The Fostering Network is proud to support The Black Care Experience Charter

At The Fostering Network we are committed to becoming a more inclusive and diverse organisation, so we’ve signed up to The Black Care Experience Charter. Chief executive Sarah Thomas explains what this means for The Fostering Network and the next steps we’ll take towards honouring these commitments. 

Over the past few years, like many other organisations, we have reflected on the way we work at The Fostering Network and decided what steps we need to take to become a more inclusive and diverse organisation. It’s essential that we do more to fully represent our members and the children and young people they care for. 

We know that there is a disproportionate number of black children and young people in care in the UK.  We also know that the majority of the UK foster carer population is white. This has led to particularly difficult experiences for black children and young people in care, reflected in research by campaign group The Black Care Experience. They carried out a survey in 2020 documenting the experiences of black care experienced people, who disclosed they struggled to connect to their own identities with foster carers of a different race.

The difficulties black children and young people face in foster care have been known for a long time and it’s unacceptable that progress has been limited. Things must change, and it’s important that we at The Fostering Network play our part in making the change happen.

This is why we’ve signed up to The Black Care Experience Charter – a declaration that we will do everything we can to ensure black children and young people remain connected to their identity as they move through the care system. The charter has been developed by The Black Care Experience and offers a list of commitments that organisations can choose from to guide their work.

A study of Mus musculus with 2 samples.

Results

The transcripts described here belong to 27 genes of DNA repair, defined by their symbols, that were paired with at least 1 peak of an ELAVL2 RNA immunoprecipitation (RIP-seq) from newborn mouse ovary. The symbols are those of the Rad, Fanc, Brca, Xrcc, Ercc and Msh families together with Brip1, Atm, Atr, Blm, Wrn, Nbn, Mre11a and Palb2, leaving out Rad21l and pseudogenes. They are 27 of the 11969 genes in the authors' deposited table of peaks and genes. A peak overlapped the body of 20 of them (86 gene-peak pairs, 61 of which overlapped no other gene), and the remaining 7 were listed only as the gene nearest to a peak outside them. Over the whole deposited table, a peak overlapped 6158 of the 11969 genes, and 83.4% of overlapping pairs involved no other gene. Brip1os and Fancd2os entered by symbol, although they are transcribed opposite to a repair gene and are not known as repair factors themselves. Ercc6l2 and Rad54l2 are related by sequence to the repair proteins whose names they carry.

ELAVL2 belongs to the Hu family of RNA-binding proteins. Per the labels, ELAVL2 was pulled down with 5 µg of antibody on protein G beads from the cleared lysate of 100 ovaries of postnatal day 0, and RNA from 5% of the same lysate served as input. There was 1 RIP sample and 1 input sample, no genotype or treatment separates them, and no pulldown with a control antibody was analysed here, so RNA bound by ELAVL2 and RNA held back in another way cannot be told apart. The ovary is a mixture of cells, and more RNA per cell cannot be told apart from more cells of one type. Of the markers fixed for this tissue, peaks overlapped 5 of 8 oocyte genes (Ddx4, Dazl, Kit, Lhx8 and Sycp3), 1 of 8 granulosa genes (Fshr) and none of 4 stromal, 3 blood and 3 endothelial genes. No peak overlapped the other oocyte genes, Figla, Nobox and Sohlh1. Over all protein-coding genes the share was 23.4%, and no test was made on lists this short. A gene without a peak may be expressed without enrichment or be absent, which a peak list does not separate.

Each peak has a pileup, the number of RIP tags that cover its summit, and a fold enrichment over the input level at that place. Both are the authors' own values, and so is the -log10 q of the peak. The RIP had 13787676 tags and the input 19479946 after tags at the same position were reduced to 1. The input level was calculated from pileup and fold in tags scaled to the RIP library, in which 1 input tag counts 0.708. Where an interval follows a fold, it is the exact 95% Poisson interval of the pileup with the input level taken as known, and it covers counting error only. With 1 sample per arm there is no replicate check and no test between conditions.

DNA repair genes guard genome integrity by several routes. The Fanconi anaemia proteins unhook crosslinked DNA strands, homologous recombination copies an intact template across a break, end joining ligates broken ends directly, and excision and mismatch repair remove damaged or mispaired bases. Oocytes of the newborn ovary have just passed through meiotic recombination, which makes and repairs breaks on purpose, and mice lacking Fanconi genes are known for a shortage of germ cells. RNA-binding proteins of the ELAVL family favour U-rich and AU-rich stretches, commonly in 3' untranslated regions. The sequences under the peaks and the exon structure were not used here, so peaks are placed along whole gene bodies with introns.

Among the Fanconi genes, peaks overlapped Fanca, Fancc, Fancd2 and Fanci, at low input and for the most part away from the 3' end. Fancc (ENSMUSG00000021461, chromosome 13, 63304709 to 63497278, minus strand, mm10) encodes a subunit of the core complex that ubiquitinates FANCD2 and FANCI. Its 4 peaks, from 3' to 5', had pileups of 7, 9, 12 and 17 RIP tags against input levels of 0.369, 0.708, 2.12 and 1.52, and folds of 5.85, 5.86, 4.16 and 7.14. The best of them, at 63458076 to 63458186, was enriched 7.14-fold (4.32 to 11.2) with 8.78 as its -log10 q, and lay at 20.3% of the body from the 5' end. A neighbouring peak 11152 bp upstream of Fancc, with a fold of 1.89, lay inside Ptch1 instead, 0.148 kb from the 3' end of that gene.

We’ve selected the following three commitments to start our journey:

•    Ensure the workforce is culturally competent on every level across the departments and services 
•    Work alongside services that are culturally specific and competent to work with the black community in a way that is empowering and meets their cultural needs 
•    Create a bespoke policy alongside the workforces on how to care for and meet the needs of black children and young people in care 

Some of our existing work already supports these commitments – but focusing on three specific actions gives us clear targets to work towards so we can action positive change and be held accountable. We’re taking steps towards these actions now – at a recent away day we explored cultural competence alongside our trustees. We are also reviewing our internal equality, diversity and inclusion group to ensure it provides the foundation for turning our commitments into actions. On top of this, our teams are reviewing all of our learning and development materials, including the new edition of The Skills to Foster ™ to ensure that we embed a culturally competent approach as a golden thread in all that we do. 

To hold us accountable, we will provide regular updates on our progress. And we are always welcome to feedback – if there’s something you feel we can do better at then let us know by contacting

There’s always power in numbers, and the more people who support The Black Care Experience Charter the quicker change will happen.